Introduction

During the time when pirates ruled the Caribbean seas, sellers of goods needed safe transportation to travel the seas in order to reach purchasers of those goods. The fees that the pirates, such as Captain Jack Sparrow, were paid came in two forms. The first was a flat fee for safe transportation to the destination. The second fee was a percentage on the gross sales revenue paid to the sellers. This second fee was known, in the pirate world, as “carried interest”, as it was above and beyond the fee paid for safe transportation. It was a percentage based on protecting those goods that the pirates “carried to safety”, away from other fiends and scoundrels once both parties completed the sale.

The notion of “carried interest” has been a part of the tax code for many years. It is typically used in the context of hedge funds where the managers receive a flat fee, treated as ordinary income, and then an additional amount, based on a percentage (internal rate of return), treated as long-term capital gain (“LTCG”). Many critics have noted the disparity between the treatment of hedge fund managers vs. investment bankers. For investment bankers, the percentage received is subject to ordinary income rates as opposed to LTCG rates. Such critics argue for the elimination of capital gain rates for hedge fund managers in order to tax such managers in a manner similar to investment bankers.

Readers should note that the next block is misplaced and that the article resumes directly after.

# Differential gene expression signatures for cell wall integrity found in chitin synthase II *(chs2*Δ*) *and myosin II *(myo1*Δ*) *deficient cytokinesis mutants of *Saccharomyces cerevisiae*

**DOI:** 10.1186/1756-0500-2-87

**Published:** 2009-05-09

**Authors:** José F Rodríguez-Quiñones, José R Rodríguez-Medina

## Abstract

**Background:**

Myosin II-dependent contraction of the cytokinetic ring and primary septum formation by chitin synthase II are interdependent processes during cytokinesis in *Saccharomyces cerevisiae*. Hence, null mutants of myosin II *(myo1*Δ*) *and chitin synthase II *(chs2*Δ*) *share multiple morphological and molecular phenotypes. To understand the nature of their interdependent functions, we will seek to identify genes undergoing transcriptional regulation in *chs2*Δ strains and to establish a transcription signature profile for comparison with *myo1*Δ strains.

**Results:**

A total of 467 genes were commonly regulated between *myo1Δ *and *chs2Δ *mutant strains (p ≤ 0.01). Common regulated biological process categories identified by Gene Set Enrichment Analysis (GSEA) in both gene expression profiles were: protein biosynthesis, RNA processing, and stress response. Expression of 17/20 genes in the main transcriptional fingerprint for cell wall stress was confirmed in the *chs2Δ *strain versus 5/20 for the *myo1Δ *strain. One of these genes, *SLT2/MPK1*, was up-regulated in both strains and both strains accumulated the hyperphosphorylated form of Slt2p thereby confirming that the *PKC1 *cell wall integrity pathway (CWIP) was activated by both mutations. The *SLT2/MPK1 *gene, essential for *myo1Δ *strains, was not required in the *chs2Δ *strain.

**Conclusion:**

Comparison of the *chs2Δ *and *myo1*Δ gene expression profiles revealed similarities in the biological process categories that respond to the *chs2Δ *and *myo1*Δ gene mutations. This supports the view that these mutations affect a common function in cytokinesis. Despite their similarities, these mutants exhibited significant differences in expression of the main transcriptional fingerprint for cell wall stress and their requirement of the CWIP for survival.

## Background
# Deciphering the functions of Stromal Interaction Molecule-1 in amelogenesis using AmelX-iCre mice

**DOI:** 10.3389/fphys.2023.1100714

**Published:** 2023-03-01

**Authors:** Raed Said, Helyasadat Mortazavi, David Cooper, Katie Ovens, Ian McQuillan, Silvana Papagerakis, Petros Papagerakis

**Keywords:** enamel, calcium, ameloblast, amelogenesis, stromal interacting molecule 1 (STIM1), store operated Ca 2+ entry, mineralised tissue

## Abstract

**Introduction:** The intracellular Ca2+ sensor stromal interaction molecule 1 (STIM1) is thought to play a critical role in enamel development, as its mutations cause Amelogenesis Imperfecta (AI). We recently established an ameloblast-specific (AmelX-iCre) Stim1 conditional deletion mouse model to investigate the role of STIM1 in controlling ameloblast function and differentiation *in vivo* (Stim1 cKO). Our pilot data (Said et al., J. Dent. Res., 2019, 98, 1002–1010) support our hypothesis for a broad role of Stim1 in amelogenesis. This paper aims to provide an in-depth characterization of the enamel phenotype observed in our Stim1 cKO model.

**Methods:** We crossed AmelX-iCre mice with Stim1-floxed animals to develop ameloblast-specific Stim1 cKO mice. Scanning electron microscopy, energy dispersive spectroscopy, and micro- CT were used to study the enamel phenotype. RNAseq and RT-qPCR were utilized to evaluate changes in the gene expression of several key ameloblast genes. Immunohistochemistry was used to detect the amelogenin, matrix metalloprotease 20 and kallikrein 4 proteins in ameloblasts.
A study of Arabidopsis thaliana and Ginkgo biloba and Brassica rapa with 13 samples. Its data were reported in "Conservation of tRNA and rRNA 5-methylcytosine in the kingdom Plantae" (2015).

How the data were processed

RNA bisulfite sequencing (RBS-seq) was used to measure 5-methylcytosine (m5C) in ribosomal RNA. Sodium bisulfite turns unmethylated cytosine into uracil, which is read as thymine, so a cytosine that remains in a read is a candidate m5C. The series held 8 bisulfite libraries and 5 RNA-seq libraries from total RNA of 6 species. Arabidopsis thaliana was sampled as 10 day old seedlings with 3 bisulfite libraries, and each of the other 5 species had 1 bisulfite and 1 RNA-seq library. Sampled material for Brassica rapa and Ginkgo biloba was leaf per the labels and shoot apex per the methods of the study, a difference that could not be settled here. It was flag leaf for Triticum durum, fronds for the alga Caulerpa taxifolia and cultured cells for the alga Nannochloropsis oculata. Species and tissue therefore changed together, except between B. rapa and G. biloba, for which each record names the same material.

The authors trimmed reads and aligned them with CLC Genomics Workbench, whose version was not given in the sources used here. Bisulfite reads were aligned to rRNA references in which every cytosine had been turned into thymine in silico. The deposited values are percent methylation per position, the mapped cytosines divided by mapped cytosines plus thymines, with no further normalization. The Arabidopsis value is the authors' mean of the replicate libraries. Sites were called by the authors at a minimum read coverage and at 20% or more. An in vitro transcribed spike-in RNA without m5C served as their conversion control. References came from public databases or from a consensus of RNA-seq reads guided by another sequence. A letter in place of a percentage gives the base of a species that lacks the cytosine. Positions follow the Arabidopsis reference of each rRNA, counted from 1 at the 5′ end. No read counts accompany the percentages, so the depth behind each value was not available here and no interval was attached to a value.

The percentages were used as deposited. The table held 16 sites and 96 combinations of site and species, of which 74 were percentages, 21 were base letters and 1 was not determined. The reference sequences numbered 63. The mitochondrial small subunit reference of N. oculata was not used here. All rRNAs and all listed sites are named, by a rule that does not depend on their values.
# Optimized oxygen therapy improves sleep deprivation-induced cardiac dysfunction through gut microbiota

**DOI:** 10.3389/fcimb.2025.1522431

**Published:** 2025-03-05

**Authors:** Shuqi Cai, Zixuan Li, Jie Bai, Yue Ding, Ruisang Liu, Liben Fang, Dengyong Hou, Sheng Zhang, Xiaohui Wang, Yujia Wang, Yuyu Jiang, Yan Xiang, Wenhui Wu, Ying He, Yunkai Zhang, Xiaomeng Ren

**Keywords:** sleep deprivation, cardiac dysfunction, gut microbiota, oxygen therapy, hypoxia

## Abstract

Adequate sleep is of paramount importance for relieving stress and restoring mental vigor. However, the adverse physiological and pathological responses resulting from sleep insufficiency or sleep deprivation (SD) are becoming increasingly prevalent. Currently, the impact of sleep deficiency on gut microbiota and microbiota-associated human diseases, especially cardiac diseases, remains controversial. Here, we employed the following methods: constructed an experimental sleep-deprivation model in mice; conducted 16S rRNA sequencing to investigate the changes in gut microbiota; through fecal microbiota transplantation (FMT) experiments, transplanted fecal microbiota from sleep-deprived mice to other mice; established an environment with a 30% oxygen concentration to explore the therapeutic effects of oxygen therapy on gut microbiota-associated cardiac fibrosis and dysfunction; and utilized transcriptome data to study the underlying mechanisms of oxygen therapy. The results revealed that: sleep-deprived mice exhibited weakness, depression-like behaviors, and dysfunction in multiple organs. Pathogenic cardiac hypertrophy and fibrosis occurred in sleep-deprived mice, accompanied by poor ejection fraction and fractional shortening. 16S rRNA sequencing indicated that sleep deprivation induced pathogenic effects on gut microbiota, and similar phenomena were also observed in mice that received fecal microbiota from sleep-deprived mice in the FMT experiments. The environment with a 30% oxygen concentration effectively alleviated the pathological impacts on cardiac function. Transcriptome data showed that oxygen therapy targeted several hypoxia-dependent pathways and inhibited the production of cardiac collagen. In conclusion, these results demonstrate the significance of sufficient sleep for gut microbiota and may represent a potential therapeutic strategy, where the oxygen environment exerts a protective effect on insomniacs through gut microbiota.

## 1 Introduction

In 2017, the Tax Cuts and Jobs Act (“TCJA”) was passed by Congress and signed into law by the President. The Internal Revenue Code (“IRC”) addressed the issue of carried interest in the newly enacted Section 1061. The purpose of Section 1061 was to alter the differences in treatment of income as ordinary vs. capital gain as described above. Section 1061 imputes a holding period of three years before gain allocated to certain carried interest arrangements can be subject to the more favorable LTCG rates.

LTCGs are subject to tax at a maximum rate of 23.8%, which consists of the LTCG rate of 20% plus the 3.8% net investment income tax (“NIIT”), if applicable. It is prudent to note that ordinary income, as well as short-term capital gains, are subject to the 37% maximum rate. If NIIT was applicable, such income would be subject to the maximum rate of 40.8%.